Watching Annie Hall and Manhattan (and, yes, Interiors) as a teenager gave me a much needed glimpse into a viable alternative existence to life in my working class factory town. And seeing Allen’s character as a child, saying of his classmates, “Even then, I knew they were all idiots” was one of the most liberating moments of my life. I heard an audible “click” in my brain. Maybe everything was going to be OK, as long as I stayed alive long enough to get the hell out of there.
Naturally, I realize now that I would have been happier, sooner, if only my Hollywood-inspired ideal of adulthood had been the movies of, who? Shit, I dunno… Hal Needham?. (At least then I’d have learned how to drive.) But Allen’s films were the booster rockets that got me off the launch pad.
Then came the inevitable disillusionment. Allen’s bizarroworld affair thingie with his stepdaughter shattered my friends and I, who had also grown up hanging on his every word and film. This is true: they gathered at my apartment a few hours after the news broke that afternoon and we had a group freak-out that lasted well after the sun set. (I distinctly remember that a couple of us didn’t even sit down during this lengthy cathartic get together; we just stomped around angrily. Luckily, I lived on the ground floor.)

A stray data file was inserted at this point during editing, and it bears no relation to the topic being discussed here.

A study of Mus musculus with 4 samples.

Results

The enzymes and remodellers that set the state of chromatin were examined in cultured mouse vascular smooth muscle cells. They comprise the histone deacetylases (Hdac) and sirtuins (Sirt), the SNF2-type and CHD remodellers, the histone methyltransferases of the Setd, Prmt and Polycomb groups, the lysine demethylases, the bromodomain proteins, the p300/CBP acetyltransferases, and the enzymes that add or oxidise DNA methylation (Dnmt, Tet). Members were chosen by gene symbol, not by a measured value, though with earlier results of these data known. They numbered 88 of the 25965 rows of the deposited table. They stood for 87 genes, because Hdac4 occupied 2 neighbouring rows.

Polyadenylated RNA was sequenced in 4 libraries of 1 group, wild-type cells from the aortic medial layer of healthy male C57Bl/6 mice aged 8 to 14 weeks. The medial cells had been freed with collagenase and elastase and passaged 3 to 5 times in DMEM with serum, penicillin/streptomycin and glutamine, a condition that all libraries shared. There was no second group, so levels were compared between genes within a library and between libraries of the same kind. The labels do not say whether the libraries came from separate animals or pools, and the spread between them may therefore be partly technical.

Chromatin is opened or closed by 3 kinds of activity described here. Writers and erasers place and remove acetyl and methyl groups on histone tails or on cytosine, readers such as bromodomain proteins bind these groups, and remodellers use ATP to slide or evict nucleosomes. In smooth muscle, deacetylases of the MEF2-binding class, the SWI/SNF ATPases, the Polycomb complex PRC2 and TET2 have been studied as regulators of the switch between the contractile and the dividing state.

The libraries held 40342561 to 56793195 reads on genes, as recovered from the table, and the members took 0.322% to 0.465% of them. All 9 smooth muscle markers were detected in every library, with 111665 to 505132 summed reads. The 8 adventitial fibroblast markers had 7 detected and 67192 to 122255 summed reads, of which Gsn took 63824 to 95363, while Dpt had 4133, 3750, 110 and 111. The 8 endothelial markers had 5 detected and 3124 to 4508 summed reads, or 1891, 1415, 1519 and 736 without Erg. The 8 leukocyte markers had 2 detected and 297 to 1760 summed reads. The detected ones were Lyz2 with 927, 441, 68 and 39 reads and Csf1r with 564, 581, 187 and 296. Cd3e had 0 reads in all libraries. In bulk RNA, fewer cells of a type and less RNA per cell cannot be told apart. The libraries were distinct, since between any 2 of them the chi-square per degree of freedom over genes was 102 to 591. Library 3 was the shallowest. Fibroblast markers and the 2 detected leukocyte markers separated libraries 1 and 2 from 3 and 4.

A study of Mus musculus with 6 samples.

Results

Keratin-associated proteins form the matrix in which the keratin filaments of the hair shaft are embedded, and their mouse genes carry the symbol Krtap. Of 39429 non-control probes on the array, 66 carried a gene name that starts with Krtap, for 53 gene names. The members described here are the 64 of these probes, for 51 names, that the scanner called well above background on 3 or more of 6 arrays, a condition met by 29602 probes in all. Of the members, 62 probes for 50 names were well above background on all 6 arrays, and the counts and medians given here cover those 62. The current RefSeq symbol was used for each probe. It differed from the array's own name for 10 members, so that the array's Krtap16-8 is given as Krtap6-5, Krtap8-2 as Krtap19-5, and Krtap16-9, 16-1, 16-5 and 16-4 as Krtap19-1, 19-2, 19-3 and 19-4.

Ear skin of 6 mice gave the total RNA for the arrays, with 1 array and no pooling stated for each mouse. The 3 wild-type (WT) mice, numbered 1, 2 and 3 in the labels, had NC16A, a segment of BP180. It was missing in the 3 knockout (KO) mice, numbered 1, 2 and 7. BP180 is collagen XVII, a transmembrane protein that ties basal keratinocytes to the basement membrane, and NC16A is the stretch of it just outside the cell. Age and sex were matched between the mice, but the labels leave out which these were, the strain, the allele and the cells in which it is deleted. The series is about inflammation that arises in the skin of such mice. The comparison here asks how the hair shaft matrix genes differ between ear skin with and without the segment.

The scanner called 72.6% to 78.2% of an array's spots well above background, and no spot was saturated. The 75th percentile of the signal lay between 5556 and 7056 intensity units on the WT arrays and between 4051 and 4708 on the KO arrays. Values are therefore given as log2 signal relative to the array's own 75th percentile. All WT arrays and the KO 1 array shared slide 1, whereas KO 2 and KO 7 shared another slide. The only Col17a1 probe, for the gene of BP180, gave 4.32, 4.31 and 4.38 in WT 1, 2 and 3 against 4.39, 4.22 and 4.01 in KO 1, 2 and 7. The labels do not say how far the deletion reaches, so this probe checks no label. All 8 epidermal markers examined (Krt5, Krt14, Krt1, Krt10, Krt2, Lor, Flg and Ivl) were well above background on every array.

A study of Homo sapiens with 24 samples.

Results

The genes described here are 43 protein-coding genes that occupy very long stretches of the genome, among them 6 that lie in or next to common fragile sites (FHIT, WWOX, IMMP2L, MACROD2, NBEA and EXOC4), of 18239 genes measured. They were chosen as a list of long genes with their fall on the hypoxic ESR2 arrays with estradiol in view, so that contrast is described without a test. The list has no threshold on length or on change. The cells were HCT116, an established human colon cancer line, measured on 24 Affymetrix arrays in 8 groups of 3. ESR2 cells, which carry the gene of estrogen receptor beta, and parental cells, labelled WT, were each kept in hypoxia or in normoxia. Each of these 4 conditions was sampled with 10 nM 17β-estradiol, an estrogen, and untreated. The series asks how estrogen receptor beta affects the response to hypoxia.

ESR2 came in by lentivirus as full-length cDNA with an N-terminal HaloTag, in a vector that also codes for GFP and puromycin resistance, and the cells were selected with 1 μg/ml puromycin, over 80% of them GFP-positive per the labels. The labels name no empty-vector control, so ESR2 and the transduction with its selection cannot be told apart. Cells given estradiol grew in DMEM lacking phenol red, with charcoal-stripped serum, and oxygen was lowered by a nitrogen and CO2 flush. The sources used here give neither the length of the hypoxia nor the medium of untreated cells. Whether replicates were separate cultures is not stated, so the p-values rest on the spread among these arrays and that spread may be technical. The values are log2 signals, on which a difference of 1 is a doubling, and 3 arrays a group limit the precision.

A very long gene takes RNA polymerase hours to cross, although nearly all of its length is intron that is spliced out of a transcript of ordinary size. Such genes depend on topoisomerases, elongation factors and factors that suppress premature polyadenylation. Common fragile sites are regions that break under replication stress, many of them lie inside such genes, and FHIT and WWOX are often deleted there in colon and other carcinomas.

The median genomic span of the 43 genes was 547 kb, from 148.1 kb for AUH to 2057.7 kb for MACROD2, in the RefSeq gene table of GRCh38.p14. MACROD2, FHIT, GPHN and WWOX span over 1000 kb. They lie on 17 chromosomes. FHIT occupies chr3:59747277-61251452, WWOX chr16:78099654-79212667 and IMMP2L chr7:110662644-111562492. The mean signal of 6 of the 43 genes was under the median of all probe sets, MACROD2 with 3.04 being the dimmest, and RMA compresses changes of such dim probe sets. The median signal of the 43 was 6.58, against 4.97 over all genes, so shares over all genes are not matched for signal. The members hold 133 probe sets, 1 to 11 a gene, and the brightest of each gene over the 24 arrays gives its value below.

We also went to see Husbands and Wives together later that year anyhow, but that was the last of his movies I’ve seen. I even remember not taking off my bulky winter coat during the entire film, whatever that was supposed to “mean.” I just slouched in my seat, smouldering, having a furious, catatonic fit.
Because I’ve already invested so much time into Allen’s films, I’ll keep making my annual pilgrimage without regard to quality, holding out for the possibility of a swan song. At his latest, You Will Meet a Tall Dark Stranger, I saw a hint of a way forward in the plotlines dedicated to Alfie (Anthony Hopkins) and Helena (Gemma Jones), who worry about senescence and death not simply because these are facts of life, but because, like their creator, they’ve reached old age. A film that broaches the regular lot of preoccupations from the deathbed perspective rather than the needlessly-anxious-middle-age one could—here’s hoping—bring poignancy back to the Woody Allen experience.